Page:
State Expert Visits For School Climate Presentation
A state expert on school climate issues met with a large group of staff and parents at a meeting sponsored by the district-wide PTA last week to discuss strategies that are being used in Manchester and elsewhere to address bullying and mean-spirited behavior.
“The days focusing on punishment and taking a pound of flesh from kids are over,” said Jo Ann Frieberg, a consultant for the state Department of Education. An expert in the area of “Bullying, Improving School Climate and Character Education,” she has worked as a classroom teacher and studied these issues for a long time at universities throughout the state.
Frieberg was invited to the forum by the Town-wide PTA council, which said they were looking forward “to a positive evening that will help us all work together to address these difficult issues.”
The event was held in Room 293 of the MHS Freshman Center and drew of crowd of about 200 – more than half of them school staff.
Superintendent Matt Geary was in attendance as were administrators from all of the district’s 14 schools.
Geary said he was pleased to hear Frieberg’s perspective.
“She has been focused on school climate and culture for a long, long time,” Geary said, “and her suggested strategies are based on actual research – on what has actually been effective, things that have decreased mean-spirited behavior and improved school climate.”
As Frieberg noted during the meeting, parents and even some school staff members often say that students need to be punished more frequently and severely or else their behavior will never change.
Freiberg encouraged parents to communicate their concerns with teachers, administrators, and if necessary the superintendent and members of the Board of Education. She said that schools and families need to work together and that the focus should be on stopping the behavior whether it is verified bullying or not.
Frieberg said that excluding students as a purposeful strategy to get to the root cause of the behavior may sometimes be a part of responding to mean-spirited behavior – but also said there is scant evidence that suspensions and other such disciplinary actions do much to change student behavior.
Geary offered a similar perspective in a letter he wrote to the school community two weeks ago (you can read it here).
School climate issues have moved to the forefront in Manchester recently as a few frustrated parents and guardians have shared their stories with local print and broadcast media outlets.
Geary said he can’t discuss individual cases but noted that the district takes allegations of bullying seriously. He said situations are often complicated because they involve both a “target” and an “offender” (terms he noted are used by the Anti-Defamation League, an organization dedicated to protecting civil rights that worked recently with staff and students at Waddell Elementary).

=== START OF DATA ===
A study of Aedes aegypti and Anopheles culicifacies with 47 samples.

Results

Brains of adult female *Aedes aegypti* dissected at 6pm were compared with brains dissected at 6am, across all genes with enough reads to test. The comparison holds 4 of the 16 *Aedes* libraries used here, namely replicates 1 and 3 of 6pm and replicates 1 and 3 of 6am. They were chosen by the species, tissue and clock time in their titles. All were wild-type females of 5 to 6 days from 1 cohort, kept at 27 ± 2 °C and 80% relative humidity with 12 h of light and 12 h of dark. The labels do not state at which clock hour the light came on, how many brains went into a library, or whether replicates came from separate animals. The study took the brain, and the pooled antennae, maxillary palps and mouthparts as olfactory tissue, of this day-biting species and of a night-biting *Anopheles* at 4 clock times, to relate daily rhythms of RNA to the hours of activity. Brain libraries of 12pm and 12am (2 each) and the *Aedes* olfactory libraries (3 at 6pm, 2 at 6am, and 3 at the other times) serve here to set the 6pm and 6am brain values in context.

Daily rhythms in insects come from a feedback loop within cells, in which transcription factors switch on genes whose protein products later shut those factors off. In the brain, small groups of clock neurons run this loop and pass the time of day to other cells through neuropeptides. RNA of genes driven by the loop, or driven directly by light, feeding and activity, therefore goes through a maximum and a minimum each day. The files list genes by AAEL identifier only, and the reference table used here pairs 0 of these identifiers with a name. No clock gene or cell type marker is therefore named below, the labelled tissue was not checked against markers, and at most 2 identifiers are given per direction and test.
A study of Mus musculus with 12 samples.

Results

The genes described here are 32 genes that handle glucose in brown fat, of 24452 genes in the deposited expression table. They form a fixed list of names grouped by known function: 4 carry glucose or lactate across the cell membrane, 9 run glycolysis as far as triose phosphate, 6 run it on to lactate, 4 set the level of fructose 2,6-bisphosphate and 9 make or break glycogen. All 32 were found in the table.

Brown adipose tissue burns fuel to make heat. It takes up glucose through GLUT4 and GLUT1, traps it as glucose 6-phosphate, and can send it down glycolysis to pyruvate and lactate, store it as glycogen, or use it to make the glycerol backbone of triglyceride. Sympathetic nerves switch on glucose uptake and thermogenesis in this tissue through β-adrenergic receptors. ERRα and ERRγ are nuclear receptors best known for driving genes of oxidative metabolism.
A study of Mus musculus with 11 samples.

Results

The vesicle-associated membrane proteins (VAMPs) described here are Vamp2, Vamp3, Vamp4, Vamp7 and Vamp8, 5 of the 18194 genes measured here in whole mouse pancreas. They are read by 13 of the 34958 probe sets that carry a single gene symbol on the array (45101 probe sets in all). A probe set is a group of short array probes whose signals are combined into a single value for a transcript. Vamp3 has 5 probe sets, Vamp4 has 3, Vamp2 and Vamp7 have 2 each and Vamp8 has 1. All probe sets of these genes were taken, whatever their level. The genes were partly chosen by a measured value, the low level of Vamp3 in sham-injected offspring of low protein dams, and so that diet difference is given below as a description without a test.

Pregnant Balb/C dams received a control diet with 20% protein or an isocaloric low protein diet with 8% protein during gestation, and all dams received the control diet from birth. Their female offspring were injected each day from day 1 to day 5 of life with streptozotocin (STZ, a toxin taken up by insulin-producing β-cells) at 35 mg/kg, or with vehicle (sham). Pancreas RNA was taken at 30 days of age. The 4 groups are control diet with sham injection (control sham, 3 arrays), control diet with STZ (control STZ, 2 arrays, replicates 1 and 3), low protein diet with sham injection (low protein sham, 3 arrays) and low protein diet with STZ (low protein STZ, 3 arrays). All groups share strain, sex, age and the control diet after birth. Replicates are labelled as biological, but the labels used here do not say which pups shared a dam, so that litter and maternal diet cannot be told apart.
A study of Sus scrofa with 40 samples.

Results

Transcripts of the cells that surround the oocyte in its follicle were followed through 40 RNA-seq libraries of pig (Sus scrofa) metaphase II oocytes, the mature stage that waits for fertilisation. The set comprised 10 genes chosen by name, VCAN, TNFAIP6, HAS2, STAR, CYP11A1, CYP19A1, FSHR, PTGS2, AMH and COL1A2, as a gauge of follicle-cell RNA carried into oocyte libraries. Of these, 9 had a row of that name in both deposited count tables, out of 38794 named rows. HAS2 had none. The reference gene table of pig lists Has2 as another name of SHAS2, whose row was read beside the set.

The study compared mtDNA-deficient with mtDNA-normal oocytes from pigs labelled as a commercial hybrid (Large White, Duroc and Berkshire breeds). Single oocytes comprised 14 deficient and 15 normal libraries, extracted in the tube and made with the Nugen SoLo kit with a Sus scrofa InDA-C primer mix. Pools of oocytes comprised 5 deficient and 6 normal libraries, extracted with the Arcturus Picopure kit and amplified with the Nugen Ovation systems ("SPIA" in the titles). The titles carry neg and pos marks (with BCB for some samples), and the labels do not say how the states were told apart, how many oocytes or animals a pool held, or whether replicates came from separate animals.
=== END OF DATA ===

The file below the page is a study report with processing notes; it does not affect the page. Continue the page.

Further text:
“I can assure everyone that we work hard to get to the root of the issue when allegations of bullying surface,” he said. “People sometimes say ‘they didn’t do anything’ or ‘they only did this or that’ … but in many cases a lot more is going on than we can share. We are not perfect but we are always trying to get better.’
He added: “In Manchester -- just like everywhere else in the country -- there are students who are mean to one another and sometimes behave inappropriately, but I’m confident we are taking smart steps to improve things.”
Christopher Pattacini, chairman of the board of education, was also at Thursday’s meeting and said the district is determined “to further strengthen our policies, and align them to state best practices.”
He added: “The work is not easy, and we still have more to do, but we will be most successful when parents, families, staff and administrators all work together to address the issues of bullying and mean-spirited behavior.”
Pattacini said he believes Thursday’s meeting helped to open lines of communication between parents, staff and the administration, and noted that he was pleased that so many staff members were in attendance.
“That sent a powerful message,” he said, “that we’re all invested and committed to ensuring our schools are safe for all students, both emotionally and physically.”
Board member Mary Jane Pazda was also at the meeting and said she is confident Manchester “is on the right track.” As examples, Pazda cited the district’s implementation of its social thinking curriculum as well as an upcoming review of the existing bullying policy by the school board’s policy committee.
Pazda also said that this is an “emotionally charged topic” but added that the meeting was handled in a thoughtful and respectful manner and noted that school district representatives stayed afterward to speak individually with parents in deference to student confidentiality and privacy laws.
She also said it was important to note that Thursday’s meeting was just one in a series of events undertaken by the district “to ensure that all students feel safe and secure in the Manchester Public Schools.”